This will appear in the Farmerville, Louisiana Gazette on Feb 27, 2013,
Most people that have been raises in Louisiana have to some extent been exposed to the Long’s family and their political legacy on the state and the nation. What is interesting to note is that the tentacles of this legacy reach into Union Parish in general and Farmerville specifically. While Huey Long is the most noted individual of the long family, his brother Earl has had his share of notoriety and had a major impact on the state and our own community.
Earl was born in 1895 on a farm near rural Winnfield. Success ran in his family. Brother Huey worked his way through college, became a lawyer and ultimately one of the most powerful politicians in the country. Earl had another brother that became a medical doctor and practiced in Oklahoma. Long attended law school at Loyola in New Orleans and later practiced with his brother and two other lawyers from this area. Even though being a partner, it was apparent to all members of the team that Huey was the senior partner and in charge of the firm. This was Long’s first link to Union Parish as one of the four law partners was from Farmerville.
In 1932 Long ran for Lieutenant Governor and lost. His brother Huey failed to support him. Instead Huey backed House Speaker John Fournet. Fournet won and Earl was incensed. Huey declared, “Earl is my brother but he is a crook”. Earl had earlier said of Huey that he was, “the yellowiest physical coward that God had ever let live.” Ironically, Huey’s selection of Fornet led to James A Noe’s selection as governor. Fornet left his position as lieutenant governor to sit on the supreme court. His position was unfilled when O.K. Allen died and thus Noe who was president pro-tem of the Senate became Governor. Noe was at Huey’s side when he died. Later Noe and Earl Long reconciled and Noe ran for governor and Long for Lieutenant Governor in 1959. Noe also had deep ties with Farmerville. He moved to Louisiana following World War I and settled in Farmerville. He later married Ann Gray who was a Latin teacher at Farmerville High School prior to moving to Monroe.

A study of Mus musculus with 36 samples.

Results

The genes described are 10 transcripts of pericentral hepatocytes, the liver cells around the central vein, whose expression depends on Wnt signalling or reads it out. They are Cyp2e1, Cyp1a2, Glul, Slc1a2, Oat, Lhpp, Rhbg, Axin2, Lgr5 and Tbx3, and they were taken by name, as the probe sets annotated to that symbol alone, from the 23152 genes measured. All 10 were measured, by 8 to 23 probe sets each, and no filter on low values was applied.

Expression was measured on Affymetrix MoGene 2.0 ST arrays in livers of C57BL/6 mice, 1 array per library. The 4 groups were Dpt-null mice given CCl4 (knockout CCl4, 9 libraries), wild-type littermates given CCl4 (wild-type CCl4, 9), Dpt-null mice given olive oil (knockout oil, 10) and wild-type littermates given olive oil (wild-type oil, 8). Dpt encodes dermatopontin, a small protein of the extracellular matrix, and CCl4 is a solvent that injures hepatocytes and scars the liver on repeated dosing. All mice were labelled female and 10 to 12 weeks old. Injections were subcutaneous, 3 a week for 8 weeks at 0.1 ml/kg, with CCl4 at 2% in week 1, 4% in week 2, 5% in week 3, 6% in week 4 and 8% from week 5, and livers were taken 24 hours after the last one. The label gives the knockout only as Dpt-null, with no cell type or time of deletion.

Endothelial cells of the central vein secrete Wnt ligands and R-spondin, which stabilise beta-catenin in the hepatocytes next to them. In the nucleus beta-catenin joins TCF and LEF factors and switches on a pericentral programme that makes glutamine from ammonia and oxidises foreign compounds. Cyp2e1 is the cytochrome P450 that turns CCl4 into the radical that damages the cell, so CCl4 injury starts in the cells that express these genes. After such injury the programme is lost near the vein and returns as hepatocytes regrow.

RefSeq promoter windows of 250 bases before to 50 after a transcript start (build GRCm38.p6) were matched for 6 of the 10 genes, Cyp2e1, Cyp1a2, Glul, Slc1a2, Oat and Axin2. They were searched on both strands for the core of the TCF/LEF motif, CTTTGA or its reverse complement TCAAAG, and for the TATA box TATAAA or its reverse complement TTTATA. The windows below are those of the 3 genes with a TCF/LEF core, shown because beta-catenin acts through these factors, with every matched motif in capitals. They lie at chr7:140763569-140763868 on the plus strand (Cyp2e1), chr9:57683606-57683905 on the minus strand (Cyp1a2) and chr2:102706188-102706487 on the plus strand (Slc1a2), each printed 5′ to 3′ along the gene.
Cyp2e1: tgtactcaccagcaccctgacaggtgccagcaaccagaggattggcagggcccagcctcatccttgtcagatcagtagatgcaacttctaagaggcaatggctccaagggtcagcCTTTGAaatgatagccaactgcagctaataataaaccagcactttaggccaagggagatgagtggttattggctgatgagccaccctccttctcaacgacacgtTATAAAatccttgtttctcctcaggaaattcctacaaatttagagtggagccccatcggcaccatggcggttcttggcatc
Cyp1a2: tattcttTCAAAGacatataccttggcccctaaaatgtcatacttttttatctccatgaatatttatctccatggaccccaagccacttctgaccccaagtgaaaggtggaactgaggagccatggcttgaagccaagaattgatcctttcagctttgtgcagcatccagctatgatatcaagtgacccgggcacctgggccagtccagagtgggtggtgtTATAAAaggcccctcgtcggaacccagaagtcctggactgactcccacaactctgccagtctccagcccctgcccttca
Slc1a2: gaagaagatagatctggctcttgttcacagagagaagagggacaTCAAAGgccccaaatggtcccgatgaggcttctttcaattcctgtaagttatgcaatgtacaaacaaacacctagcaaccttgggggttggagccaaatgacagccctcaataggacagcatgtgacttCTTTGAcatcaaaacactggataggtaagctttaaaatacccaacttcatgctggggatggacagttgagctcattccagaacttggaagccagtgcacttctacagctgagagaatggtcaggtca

In 1939 Earl was Lieutenant Governor and took over as governor when the federal prosecutor from Farmerville built the case that led to what is known as the Louisiana Scandals. This led to over 200 federal indictments for corruption and Governor Leche, the president of LSU, architect Leon Weiss of Farmerville and many more went to prison. This placed Earl in the position as the political leader of Louisiana. Long later won the 1948 election for governor but due to a term limitation of one term he could not run in 1952. He did run again in 1956 and easily own. It was during this term as Governor that Long was committed to a mental hospital by his wife. Long proceeded to fire the head of the Louisiana Board of Hospitals and then appointed a friend that had him released. His escapades with a Bourbon Street stripper is famous and Blaze Star became even more famous when she was immortalized in “Blaze” a movie about Long that starred Paul Newman. It was later speculated that Long was suffering from a series of T Strokes that led to his bizarre behavior. During this last term as governor Long did make some very positive changes to the state. He led the fight for state’s rights and attempted to tear down the Jim Crowe laws and move away from integration. He passed a very controversial state wide sales tax. Long also signed into legislation a bill that funded the construction of one of the largest manmade lakes in the deep south and located in a rural parish in North Louisiana that had a parish seat that many legislature had not heard of. In a later article the details of how this resolution was passed and how the sales tax law was a pivotal point in signing Lake D’Arbonne into law.